This sector has taken a good old bruising in the past few years and recently underwent a dramatic overhaul when the Financial Services Authority was abolished and replaced with the Financial Conduct Authority and Prudential Regulation Authority.
That might have spelled consternation among bankers, but it is good news for lawyers who want to sink their teeth into this practice area.
According to James Gavine of Red Law Recruitment, “an ever-increasing focus on regulation in the financial markets has translated into firms having an ongoing need for lawyers with a regulatory skill-set”.
Director of legal recruitment at Robert Walters, Colin Loth, agrees.
“The busiest market at present is for financial services regulatory lawyers, both in-house and in private practice,” says Loth. “This has been largely driven by enforcement of – and the need for awareness of – new regulations.”
The growing complexity of compliance has transformed it into “a discipline of its own” says Loth, and those with knowledge and experience should expect to be fought over.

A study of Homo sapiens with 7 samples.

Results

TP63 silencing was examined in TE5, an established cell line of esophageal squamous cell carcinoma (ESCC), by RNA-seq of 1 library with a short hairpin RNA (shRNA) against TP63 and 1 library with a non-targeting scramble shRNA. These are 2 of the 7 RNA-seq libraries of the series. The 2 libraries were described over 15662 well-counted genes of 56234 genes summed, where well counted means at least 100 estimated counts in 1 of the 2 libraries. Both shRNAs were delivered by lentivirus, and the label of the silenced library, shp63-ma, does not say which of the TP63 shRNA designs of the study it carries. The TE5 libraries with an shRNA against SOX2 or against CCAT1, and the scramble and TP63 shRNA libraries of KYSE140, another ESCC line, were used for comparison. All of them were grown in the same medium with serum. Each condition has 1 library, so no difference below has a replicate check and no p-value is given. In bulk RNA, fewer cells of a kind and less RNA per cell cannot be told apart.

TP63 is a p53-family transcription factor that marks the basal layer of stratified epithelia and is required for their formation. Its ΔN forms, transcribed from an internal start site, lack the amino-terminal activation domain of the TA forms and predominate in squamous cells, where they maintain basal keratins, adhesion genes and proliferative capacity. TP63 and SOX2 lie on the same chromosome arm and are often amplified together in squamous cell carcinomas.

At the top of the pile will be lawyers with good experience and skill-sets, but, according to recruiters, partners might not pip others to the post.
“Mid-level PQE – three years’-plus – is sought-after, with solicitors having enough experience to work with some degree of autonomy, but not demanding partnership,” says Gavine.
“Law firms are conscious that, while the right level of experience is important, equally so is the need not to introduce senior associates or partners where it may cause destabilisation,” echoes Loth.
But where should lawyers look for the best roles? In the UK, London continues to be hot.
“Due to its pre-eminence as a finance hub London law firms and in-house departments have invested heavily in regulatory and compliance lawyers,” says Gavine.
But it wouldn’t hurt to look further north. Some of the best regulatory and compliance roles are in Manchester, which has a strong standalone financial services market, and Edinburgh, a solid base for the Scottish financial services industry.
Further afield, Lawrence Evans of JLegal says his team is increasingly seeing roles, especially on the in-house side, coming up in the Middle East “as the region becomes more sensitive to the need for higher standards of business ethics”.
This is an ever-changing area that promises to churn out a substantial amount of work across sectors including energy, utilities and telecoms as well as in the financial sector.
By all accounts, customers, investors and regulators allare getting tougher on non-compliance and corporate mistakes, and while that might mean hand-wringing for businesses, lawyers should take heed of the opportunities.